While filming the famous scene where Tom Cruise drops from the ceiling and hovers inches above the ground, Cruise's head kept hitting the floor until he got the idea to put coins in his shoes for balance.
Reza Badiyi, the person responsible for directing more episodes of the original Mission: Impossible (1966) TV series than anyone else, was asked by the head of Paramount to be present on the set for consulting and advising. Brian De Palma approached him and told him how much he had enjoyed the original series. He also added that the movie would be nothing like the TV show and that by him being present on the set, would only result on making both of them uncomfortable. Badiyi thanked him for his honesty and left the set never to return.
The plot of this film hinges around the potential release of the NOC list. Traditionally, when a spy is caught, the spy's home country will admit that the person was a spy, and get that person back by releasing a spy they have captured from the same country that captured theirs. A NOC agent, or Non-Official Cover, is disavowed by his or her own country should he be captured - which essentially means he would be executed as an unauthorized spy. Thus, this list falling into the wrong hands would result is several spies being killed. The concern about blowing such an agent's cover is also no longer just a fantasy concocted for a film: Valerie Plame Wilson was a NOC agent, and her public outing as a spy jeopardized many operations she was working on, as shown in the film Fair Game (2010).
The formidable task of lighting Prague at night presented cinematographer Stephen H. Burum and his crew with a complex array of logistics. Two miles of riverfront on either side of Prague's historic Charles Bridge had to be predominantly back lit in order to best evoke an atmosphere of old Europe. The preparation alone consumed some two weeks before the 12-day shoot along the banks of the Vltava River even began. Eleven generators were used to power hundreds of lights, and so impressive was the end result, amateur and professional Czech photographers appeared in droves, eager to capture their city's night scape as it had never been seen before.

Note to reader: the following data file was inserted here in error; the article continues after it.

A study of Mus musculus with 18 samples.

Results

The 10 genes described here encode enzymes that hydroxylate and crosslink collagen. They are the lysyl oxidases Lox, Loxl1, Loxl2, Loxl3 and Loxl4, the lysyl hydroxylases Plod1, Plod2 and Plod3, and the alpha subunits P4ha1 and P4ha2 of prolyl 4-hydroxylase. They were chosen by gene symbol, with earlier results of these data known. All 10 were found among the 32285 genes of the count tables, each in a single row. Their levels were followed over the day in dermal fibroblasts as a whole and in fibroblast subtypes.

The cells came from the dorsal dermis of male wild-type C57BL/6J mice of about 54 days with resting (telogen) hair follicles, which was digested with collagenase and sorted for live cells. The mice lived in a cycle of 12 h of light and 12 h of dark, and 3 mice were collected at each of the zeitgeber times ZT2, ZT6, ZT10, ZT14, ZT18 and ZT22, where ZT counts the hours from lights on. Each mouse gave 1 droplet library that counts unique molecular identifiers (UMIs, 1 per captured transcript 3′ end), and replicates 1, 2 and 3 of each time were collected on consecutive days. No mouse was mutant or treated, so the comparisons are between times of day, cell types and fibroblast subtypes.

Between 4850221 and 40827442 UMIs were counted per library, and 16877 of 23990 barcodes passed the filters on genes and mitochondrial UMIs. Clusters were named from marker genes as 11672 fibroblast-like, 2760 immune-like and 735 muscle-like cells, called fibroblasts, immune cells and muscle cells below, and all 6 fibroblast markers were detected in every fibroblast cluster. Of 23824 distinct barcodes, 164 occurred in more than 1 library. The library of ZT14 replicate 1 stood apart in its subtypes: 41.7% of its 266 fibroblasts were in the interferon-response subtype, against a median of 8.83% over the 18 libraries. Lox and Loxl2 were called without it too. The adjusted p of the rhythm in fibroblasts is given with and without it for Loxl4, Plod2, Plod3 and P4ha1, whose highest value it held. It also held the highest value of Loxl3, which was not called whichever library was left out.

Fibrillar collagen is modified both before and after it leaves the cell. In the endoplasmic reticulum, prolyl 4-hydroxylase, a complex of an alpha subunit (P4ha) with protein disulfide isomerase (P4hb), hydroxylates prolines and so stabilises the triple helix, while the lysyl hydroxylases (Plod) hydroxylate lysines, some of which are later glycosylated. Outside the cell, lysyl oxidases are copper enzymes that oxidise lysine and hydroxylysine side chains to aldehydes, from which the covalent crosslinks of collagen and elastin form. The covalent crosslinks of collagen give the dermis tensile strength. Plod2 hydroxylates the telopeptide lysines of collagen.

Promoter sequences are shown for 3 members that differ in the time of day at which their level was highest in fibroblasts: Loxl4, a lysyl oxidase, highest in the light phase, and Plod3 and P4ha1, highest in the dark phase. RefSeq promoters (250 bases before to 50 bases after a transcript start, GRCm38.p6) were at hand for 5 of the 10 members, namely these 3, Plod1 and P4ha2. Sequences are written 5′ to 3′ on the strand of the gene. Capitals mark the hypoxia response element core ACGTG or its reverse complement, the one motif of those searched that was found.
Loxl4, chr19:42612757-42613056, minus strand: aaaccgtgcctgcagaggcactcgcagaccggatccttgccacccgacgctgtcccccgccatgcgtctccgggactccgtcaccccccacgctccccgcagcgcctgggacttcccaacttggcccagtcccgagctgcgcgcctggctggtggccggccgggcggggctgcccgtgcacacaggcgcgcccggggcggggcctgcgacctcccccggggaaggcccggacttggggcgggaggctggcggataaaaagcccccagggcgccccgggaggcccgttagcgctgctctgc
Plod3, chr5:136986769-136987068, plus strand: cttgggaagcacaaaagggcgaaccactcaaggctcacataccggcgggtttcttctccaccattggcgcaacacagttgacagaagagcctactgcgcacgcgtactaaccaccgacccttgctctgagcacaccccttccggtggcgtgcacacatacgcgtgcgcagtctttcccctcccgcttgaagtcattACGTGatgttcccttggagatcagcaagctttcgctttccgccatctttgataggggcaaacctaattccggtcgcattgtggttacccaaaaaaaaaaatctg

The scene in which the water tank explodes and Ethan Hunt escapes from the restaurant were shot at two different locations. The tank explosion and Hunt's jump through the restaurant window were shot at Paramount Studios. The portion of the scene in which he is running into the streets of Prague with the water running behind him were actually shot in Prague.
When Jim Phelps is getting his mission on the airplane, his team is shown one by one. In the dossiers there are aliases. The aliases are as follows: for Jack Harmon (Emilio Estevez), his alias is "Tony Baretta" (the character from the cop show Baretta (1975). For Sarah Davies (Kristin Scott Thomas), her alias is "'Sarah Walker'", Hannah Williams' (Ingeborga Dapkunaite) alias is Pauline Brady, and Ethan Hunt's (Tom Cruise) alias is Phillipe Douchette.
Alan Silvestri was originally hired to score the film, and had written roughly twenty-three minutes of music before he was taken off. He recycled the material he had written and used it for the score to Eraser (1996). Bootleg copies of his "Mission: Impossible" score are in circulation.
The main lobby of CIA Headquarters at Langley was actually shot inside County Hall, London. The helipad next to Tower Bridge where Kitteridge lands does not exist and was specially built for the film and removed afterwards. The site is a public park.
The helicopter in the climactic action scene is an MD Helicopters 520N NOTAR. NOTAR (an acronym derived from the phrase "no tail rotor") generates torque-countering thrust by creating laminar air flow around its tail boom instead of by using a traditional tail rotor.
Emilio Estevez was cast in the role of Jack Harmon to create a sense of shock in the audience when he died early in the film. The film makers felt that casting a well-known actor in the role would increase the impact of Jack Harmon's death.
Peter Graves, who played Jim Phelps in Mission: Impossible (1966), turned down the opportunity to reprise his role in the movie after he learned that his character was to be killed off at the end of the movie. He also turned the role down because of the negative handling of the character, which in turn led to the other cast members of the old series to turn down their cameo offers as well. Greg Morris, who played Barney Collier in the original series, walked out of the film halfway through, citing displeasure with the turning of the Jim Phelps' character and the overall production.